By JEFF CLEMETSON
On Sunday, Dec. 5, community members from Allied Gardens set to work on a now 20-year tradition to bring a little festive spirit to the neighborhood by decorating the flyover bridge on Adobe Falls Road and a tree at the Waring Road triangle.
Although in years past the work of hanging the 735 feet of 2,250 individual lights over the bridge and decorating the tree at the triangle culminated in a holiday festival involving young students, this year as well as last year the event was cancelled due to pandemic precautions.
District 7 City Council representative Raul Campillo joined the lighting crew and praised the work of the Allied Gardens Grantville Community Council (AGGCC) for doing “so much for the community, from community cleanups to repainting the playgrounds next the rec center.”
“[Today] they’re trying to give a little cheer to folks who are driving on through, and also bringing a little attention to Allied Gardens,” he continued. “A lot of folks drive past here on the [I-8 freeway] or down Waring Road and don’t know too much about this community. But anyone who drives through it knows, there’s a lot of great families, great schools and stop in by Brothers Restaurant for a good breakfast, too.”
AGGCC member Marilynn Reed shared the history of the bridge and tree lighting. Twenty years ago, former District 7 City Council member Jim Madaffer invited AGGCC members to weigh in on the design when the Adobe Falls bridge was being considered, she said. Reed, who was AGGCC president at the time, attended a number of meetings.
“Then … at one of the meetings they asked, ‘Is there anything else we can do?’ and I said, ‘Yeah, what about making it such we can put lights,’” she said, adding that she was inspired by seeing lights on a bridge in North Park “that were great.”
So electrical outlets were added to the lamps along the bridge and crews like the one assembled on Dec. 5 have lit up the bridge with festive lights ever since. Funding for the lights come from personal donations, local businesses and AGGCC funds.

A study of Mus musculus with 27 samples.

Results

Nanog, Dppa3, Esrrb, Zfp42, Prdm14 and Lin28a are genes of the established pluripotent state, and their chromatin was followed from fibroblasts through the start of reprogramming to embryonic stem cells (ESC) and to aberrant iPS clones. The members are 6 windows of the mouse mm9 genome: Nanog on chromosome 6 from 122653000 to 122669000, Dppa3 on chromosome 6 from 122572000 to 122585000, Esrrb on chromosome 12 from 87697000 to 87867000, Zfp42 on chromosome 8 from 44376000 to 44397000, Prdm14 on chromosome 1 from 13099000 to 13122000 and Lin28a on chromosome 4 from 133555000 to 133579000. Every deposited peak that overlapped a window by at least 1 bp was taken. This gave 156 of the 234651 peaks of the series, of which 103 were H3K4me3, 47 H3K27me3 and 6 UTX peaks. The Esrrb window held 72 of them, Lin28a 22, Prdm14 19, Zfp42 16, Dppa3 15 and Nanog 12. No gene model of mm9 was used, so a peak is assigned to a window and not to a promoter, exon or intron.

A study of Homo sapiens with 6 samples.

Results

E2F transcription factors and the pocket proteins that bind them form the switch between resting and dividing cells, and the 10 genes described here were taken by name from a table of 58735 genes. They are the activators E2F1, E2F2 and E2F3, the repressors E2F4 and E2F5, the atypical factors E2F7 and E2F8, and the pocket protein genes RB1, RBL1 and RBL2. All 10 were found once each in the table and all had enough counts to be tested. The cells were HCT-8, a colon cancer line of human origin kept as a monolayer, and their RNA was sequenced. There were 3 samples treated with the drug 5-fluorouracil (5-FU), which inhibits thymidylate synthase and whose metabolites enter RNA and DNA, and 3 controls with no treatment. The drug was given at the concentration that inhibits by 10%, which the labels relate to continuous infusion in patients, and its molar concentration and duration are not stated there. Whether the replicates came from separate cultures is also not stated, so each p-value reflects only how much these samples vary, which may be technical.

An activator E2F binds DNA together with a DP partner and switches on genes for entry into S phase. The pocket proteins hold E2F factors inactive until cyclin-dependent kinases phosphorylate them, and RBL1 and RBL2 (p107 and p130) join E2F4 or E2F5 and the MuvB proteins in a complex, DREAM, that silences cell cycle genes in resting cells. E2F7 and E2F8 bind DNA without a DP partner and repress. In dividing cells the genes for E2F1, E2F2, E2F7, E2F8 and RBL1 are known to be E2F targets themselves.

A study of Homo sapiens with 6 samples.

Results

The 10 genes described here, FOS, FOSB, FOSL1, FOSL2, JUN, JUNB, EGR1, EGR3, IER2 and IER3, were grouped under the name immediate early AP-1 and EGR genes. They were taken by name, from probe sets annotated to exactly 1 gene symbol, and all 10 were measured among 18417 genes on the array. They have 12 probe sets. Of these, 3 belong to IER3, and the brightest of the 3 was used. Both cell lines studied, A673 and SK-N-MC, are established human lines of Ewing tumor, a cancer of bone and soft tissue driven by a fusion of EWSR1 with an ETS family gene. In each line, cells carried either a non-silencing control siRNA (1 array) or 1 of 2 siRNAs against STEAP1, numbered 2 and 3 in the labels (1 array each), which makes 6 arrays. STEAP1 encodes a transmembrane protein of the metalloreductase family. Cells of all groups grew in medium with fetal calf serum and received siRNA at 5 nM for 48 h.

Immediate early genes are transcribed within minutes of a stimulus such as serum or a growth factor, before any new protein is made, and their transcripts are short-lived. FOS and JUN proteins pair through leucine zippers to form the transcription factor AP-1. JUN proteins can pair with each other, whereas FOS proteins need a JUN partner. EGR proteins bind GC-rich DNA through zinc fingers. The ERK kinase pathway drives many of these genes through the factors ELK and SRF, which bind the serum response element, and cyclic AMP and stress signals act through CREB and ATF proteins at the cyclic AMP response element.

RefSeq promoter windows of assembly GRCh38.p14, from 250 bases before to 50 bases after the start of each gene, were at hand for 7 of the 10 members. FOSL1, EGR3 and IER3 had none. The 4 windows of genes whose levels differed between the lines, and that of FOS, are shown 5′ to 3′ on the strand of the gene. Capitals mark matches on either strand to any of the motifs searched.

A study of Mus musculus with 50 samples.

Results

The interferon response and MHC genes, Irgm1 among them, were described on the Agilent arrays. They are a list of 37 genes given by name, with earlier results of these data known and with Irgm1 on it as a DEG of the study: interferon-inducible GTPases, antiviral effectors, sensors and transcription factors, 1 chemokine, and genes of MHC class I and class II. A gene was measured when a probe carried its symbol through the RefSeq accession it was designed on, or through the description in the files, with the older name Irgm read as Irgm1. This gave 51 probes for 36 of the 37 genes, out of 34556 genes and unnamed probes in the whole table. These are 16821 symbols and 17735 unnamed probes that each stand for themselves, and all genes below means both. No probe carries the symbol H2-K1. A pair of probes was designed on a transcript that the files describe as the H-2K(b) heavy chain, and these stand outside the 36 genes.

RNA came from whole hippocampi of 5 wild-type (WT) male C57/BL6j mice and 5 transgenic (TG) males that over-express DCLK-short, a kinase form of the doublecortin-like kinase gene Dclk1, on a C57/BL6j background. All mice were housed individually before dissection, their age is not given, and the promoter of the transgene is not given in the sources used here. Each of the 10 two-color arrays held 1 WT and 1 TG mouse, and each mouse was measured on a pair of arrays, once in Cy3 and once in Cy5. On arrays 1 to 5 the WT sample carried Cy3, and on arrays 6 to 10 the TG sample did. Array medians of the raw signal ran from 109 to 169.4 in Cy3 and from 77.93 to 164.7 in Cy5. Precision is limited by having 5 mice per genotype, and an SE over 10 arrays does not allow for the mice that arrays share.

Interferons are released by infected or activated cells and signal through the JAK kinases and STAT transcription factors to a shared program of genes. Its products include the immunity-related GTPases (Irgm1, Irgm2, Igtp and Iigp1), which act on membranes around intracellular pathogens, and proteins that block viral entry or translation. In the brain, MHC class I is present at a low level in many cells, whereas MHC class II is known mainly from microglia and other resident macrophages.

“It’s been a fun thing and I think a lot of people on the [AGGCC] over the years have enjoyed doing this,” Reed said.
Another tradition that people have enjoyed over the years are the lights and tree at the triangle, which usually coincides with the Holiday Festival. Reed said the festival was started by Betty Torre a former AGGCC member.
“That was her dream, to have the children of Allied Gardens involved in a musical festival,” Reed said.
Torre got with the music director of Lewis Middle School at the time and they organized a performance of the Lewis band and students from Foster and Marvin elementary schools sing songs.
“Betty decided to bring the children in a little more so we had a special tree lighting ceremony where we got children from Marvin and Foster — one boy and one girl we switch around each year — and the teachers pick one on the best students with good citizenship,” Reed said. “They come up and we have a special little device that looks like a present, but it’s hooked up to where both of them can touch a switch and the tree lights up.”
For a couple years, organizers tried to expand the event and invite the Marvin and Foster students and families, but it was too big to do safely at the busy intersection where the triangle is located.
“So we decided to keep it small,” Reed said. “We just have small group — the families of the children, members of our council come and [Lewis Middle musical director] Josh Prout will have some of his students come and play instruments and then we sing a few carols. We give gift certificates to the children who do the tree lighting as well as a certificate telling them how proud we are of them participating in our tree lighting.”
Reed, who is a teacher, said because COVID safety protocols are still in effect for young students, she felt it was best to not bring back the event until next year “when things are a lot better.”
— Reach editor Jeff Clemetson at email@example.com.